Vertically-roasted duck

Time 1 hour 45 minutes
Yields Serves 4 to 6
Vertically-roasted duck
(Anne Cusack / Los Angeles Times)

Bring a pot of water to the boil.


While the water is heating, place the duck on a cutting board, breast-side up and with the legs facing you. Remove any large pockets of fat around the cavity, then gently but firmly begin loosening the skin from the meat, starting at the cavity opening by the legs. You will want to loosen the skin over the breast area (from the cavity to the neck) and around the joint where the thighs meet the body. Be very careful not to puncture the skin. Do not worry about the back of the duck


Place the duck on a rack in the sink. When the water is boiling, remove from heat and begin ladling the water over the outside of the duck; you will notice the skin begin to tighten as it comes in contact with the hot water. Turn the duck over and repeat, ladling hot water until you see the skin tighten. Dry the duck well, and place it on a rack over a rimmed baking sheet.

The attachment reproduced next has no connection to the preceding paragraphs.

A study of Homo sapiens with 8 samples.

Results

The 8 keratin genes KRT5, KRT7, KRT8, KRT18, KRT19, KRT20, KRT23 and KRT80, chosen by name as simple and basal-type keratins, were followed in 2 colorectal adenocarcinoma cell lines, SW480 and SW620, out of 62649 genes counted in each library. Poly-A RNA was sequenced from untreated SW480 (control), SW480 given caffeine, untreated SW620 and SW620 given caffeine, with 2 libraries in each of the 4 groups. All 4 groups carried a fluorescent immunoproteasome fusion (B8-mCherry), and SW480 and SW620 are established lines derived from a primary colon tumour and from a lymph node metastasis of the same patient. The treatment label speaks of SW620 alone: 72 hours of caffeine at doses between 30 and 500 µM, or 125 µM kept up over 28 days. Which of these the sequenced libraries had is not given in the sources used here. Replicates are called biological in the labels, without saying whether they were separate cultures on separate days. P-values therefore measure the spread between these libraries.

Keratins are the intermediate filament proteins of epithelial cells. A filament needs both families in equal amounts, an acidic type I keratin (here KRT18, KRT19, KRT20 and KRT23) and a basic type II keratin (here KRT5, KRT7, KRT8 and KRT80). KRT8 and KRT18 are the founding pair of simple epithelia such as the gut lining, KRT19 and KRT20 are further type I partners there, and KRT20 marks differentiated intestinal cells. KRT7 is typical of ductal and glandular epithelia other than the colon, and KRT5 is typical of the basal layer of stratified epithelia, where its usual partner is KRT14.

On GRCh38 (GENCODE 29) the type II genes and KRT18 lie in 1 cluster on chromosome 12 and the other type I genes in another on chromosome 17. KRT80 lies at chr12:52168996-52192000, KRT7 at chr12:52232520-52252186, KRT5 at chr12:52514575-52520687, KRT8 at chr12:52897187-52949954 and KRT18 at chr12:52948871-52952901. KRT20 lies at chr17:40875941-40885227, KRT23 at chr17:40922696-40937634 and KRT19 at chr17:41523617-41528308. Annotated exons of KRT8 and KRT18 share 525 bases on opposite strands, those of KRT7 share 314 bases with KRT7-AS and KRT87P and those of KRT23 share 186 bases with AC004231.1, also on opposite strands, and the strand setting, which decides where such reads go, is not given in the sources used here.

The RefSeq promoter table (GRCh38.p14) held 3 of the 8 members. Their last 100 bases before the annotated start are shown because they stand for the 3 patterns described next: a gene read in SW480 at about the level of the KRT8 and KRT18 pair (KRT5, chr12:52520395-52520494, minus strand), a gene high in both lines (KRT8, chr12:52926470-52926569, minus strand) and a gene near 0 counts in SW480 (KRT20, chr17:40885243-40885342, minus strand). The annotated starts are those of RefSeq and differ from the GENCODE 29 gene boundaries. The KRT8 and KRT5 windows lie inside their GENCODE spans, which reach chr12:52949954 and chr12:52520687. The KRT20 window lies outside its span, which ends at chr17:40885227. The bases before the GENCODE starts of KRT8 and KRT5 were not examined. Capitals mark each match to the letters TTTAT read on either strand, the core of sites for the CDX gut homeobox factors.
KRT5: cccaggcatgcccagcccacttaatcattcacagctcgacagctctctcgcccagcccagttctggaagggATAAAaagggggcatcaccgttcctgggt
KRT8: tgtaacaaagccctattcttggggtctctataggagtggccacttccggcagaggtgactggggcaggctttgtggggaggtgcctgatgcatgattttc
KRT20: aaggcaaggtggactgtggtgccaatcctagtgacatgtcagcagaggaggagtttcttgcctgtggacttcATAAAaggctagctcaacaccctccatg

In a small bowl, combine the salt, pepper, molasses and ground mustard to form a paste. Massage this paste over the entire outer surface of the duck, coating the skin until it looks tanned. Place the duck, uncovered, in the refrigerator and chill at least 12 hours, preferably 24.


Remove the duck from the refrigerator 1/2 hour before roasting. Heat the oven to 450 degrees, and place a rack at the lowest position of the oven to give the duck enough room to stand as it roasts.


Place a beer can chicken holder on a rimmed baking sheet or shallow roasting pan. Stand the duck on the beer can chicken holder (if the holder is too small to support the duck, first place an empty beer can in the holder), and fold the wings behind the neck. Carefully move the duck to the oven.


Roast the duck for 15 minutes to give it time to begin to color. If the duck colors too quickly at the top, tent the top of the duck loosely with foil. After 15 minutes, reduce the heat to 350 degrees and continue to roast until the duck is a rich brown color, about 1 hour. Remove from heat and set aside to rest for 10 minutes before carving.

This recipe calls for a beer can chicken holder, available at many grilling and hardware stores, as well as online.

Noelle Carter is the former Los Angeles Times Test Kitchen director. She left in January 2019.
Get our new Cooking newsletter, coming soon.
You may occasionally receive promotional content from the Los Angeles Times.